Date of Degree
Literature in English, British Isles
Coleridge, De Quincey, Keats, Women, Trauma, Fragment, Haunting, 18th Century, Uncanny, Repetition, Fairy
In this dissertation I discuss a relatively small grouping of fragmentary texts by Coleridge (Sibylline Leaves, “The Three Graves,” “Christabel,” and “Kubla Khan”), De Quincey (Suspiria de Profundis), and Keats (“La Belle Dame Sans Merci” and Lamia). In critical discussions of the Romantic fragment, it is most often referred to as incomplete, lacking closure, and unintentionally so. The fragments I have chosen to include transcend such a reading of lack and embrace a perpetuation of possibility. My claim is not that these are exemplary British Romantic fragments but rather that they lend themselves to a more detailed analysis of how fragmentary aspects influence a text and its readerly responses precisely because they are fragments that are concerned with, or are aware of, their fragmentary nature. They are different from fragments that have become fragments through accident or lack of intention, or even texts that are fragmentary but do not engage this fragmentary nature as a main focus. The texts in my dissertation are in many ways both fragmentary in nature and about being fragmentary in theme.
No one has much noted the fragmentary elements within fragments, nor have scholars noticed the female figures’ roles in relation to the fragmentary. My contention is that these female figures haunt their texts precisely through their fragmentary incompleteness and that they embody the fragmentary. Repetition of sounds and landscapes throughout the texts are consumed by or subsumed into, coalescing ultimately into the woman. They are aspects, parts, of her. They are described in the same way that she is described. We are introduced first to these cycles and repetitions of parts of sounds and parts of landscapes (all incomplete and fragmentary, breaking off or not finding ends), and by the time we meet the female figure, she is familiar to us because we have been reading about aspects of her. Sigmund Freud’s notion of the uncanny features in my analysis; his concept deals with repetition and, through repetition, a disturbing familiarity.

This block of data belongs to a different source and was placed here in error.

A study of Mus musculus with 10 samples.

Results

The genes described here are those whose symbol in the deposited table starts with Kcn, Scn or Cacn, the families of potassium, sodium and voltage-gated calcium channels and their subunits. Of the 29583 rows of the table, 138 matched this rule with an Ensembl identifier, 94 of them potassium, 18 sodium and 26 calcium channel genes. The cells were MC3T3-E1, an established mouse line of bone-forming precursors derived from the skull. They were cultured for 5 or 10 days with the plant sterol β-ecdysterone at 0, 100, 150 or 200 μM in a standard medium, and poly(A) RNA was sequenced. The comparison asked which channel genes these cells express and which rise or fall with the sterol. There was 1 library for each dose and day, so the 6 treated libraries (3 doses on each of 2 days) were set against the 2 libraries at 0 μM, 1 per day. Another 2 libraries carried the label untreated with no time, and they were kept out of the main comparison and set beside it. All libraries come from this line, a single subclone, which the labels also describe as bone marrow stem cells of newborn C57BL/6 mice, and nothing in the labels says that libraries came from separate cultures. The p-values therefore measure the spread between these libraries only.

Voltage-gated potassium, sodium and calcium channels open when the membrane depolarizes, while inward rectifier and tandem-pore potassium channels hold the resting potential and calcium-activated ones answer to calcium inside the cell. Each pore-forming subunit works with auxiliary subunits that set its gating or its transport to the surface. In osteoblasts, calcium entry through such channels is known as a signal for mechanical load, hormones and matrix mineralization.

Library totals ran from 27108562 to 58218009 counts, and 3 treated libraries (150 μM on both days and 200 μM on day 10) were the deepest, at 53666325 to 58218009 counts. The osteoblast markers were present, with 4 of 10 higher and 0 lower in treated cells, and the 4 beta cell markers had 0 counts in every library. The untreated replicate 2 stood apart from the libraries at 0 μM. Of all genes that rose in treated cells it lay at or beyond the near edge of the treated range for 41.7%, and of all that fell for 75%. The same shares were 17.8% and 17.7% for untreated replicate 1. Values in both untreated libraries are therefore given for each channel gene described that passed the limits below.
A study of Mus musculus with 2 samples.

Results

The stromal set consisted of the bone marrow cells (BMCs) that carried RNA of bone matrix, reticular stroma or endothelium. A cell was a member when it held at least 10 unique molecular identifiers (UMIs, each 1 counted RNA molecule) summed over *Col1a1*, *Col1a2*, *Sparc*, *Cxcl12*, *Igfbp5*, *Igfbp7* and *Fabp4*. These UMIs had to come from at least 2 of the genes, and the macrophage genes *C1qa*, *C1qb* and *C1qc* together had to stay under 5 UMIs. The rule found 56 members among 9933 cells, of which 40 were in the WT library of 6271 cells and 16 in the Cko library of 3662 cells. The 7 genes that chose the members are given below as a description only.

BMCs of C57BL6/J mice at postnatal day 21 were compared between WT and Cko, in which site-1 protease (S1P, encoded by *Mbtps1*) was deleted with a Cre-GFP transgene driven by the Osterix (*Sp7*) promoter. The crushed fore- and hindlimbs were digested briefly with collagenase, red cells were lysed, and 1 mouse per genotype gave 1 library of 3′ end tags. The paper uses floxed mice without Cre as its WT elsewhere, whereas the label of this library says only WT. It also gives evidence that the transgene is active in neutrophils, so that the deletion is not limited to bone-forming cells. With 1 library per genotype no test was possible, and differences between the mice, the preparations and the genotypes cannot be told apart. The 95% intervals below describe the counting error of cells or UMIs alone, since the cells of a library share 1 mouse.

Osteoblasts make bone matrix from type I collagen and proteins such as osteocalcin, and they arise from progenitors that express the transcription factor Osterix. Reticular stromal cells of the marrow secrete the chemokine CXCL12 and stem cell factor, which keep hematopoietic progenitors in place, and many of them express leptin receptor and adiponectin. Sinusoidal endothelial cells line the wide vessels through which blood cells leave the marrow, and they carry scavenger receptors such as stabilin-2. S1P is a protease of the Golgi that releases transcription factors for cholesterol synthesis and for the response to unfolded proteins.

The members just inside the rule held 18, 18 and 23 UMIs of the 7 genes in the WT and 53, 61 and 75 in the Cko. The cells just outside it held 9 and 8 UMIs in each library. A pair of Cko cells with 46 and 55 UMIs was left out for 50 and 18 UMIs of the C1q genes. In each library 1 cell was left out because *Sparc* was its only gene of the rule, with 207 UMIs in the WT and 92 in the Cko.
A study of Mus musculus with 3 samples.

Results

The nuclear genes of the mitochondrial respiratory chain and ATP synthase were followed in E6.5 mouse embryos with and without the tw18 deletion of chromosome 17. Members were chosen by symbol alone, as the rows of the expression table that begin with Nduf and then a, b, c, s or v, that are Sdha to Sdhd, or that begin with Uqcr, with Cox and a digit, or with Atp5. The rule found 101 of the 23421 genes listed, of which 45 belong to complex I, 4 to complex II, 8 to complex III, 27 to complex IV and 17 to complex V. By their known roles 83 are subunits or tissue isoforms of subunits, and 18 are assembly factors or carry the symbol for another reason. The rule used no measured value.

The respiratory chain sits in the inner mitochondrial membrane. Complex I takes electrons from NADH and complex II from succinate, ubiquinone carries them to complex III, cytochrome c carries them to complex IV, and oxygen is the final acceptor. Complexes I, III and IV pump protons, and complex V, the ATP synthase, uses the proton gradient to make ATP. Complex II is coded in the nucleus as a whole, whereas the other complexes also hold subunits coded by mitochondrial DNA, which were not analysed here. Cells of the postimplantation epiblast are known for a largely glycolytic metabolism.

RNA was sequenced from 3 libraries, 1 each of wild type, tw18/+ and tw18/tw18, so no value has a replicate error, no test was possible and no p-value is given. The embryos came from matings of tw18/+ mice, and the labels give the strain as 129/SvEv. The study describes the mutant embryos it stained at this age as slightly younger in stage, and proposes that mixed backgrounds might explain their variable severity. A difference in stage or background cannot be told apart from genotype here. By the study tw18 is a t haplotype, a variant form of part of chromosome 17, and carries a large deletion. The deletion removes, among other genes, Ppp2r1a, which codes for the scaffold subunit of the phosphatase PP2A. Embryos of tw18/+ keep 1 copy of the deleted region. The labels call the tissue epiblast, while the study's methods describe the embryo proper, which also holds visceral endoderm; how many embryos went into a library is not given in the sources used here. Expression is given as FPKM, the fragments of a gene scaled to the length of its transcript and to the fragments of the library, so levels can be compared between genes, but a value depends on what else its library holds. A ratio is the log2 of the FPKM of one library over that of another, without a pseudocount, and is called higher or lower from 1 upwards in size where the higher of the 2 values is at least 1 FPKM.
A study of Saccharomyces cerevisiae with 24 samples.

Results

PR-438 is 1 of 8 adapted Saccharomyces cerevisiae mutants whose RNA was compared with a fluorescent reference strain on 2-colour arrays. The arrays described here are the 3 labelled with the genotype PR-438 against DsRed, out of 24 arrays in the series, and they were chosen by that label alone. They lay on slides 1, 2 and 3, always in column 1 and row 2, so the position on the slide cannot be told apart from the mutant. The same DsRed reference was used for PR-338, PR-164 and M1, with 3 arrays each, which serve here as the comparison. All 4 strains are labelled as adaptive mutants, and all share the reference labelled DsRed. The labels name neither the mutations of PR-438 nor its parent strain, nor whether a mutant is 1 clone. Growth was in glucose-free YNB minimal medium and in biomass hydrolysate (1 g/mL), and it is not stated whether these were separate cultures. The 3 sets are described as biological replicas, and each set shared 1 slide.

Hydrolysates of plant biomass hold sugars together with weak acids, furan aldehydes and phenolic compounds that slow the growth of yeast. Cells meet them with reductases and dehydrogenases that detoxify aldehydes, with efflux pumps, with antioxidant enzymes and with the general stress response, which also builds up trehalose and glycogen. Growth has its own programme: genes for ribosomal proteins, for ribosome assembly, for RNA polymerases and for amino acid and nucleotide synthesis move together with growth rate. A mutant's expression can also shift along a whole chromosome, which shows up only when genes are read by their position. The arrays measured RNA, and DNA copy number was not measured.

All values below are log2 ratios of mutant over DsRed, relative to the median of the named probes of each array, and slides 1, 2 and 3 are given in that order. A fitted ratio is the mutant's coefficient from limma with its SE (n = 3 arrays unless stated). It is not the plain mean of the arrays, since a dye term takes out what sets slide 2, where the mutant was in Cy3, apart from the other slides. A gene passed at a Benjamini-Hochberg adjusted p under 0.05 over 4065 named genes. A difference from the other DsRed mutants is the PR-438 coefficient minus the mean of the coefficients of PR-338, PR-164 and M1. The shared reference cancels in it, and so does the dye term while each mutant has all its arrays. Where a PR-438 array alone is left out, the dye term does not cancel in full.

Biography plays a role in my dissertation, although it is by no means a main focus. I show that in the texts under discussion the female figure is created by a male author’s loss, she fills an absence and is part of his mourning process. The loss is not necessarily a concrete loss (a sibling dying, for example), and may be a loss of control, of ambition, of public regard, of a hoped-for trajectory, etc. The male author uses the woman he writes as a receptacle and container for what he finds incomprehensible and frightening. She is closely related to these strongly-felt emotions; the emotions themselves are troubling and alienating. The female becomes the entity into which he writes this felt alienation, creating an alienating figure. The parts of himself that he does not understand become translated into aspects of the woman.
My observation that female figures are intimately related to the fragmentary in the texts leads me to another aspect of the fragmentary that has been overlooked by critics: the female figure’s relationship to language that suggests ongoingness and incompletion. The descriptions of action surrounding her are nearly all ongoing. These ongoing actions are ultimately what drive a continual contemplation of the text long after we have finished reading it. I argue that the text itself finds the ending that it wants to, that it precisely seeks a way to not find resolution though the writing on the page ceases. In ending without resolution, the plot proceeds indefinitely in the reader’s mind, refusing to choose any of the imaginable outcomes. The storyline is suspended; the actions within the text are on loop because the reader has never been told that they stop. She is haunted.
Bolin, Jane Clare, "How She Haunts: Missed Endings, the Fragmentary, and the Female Figure in British Romanticism" (2021). CUNY Academic Works.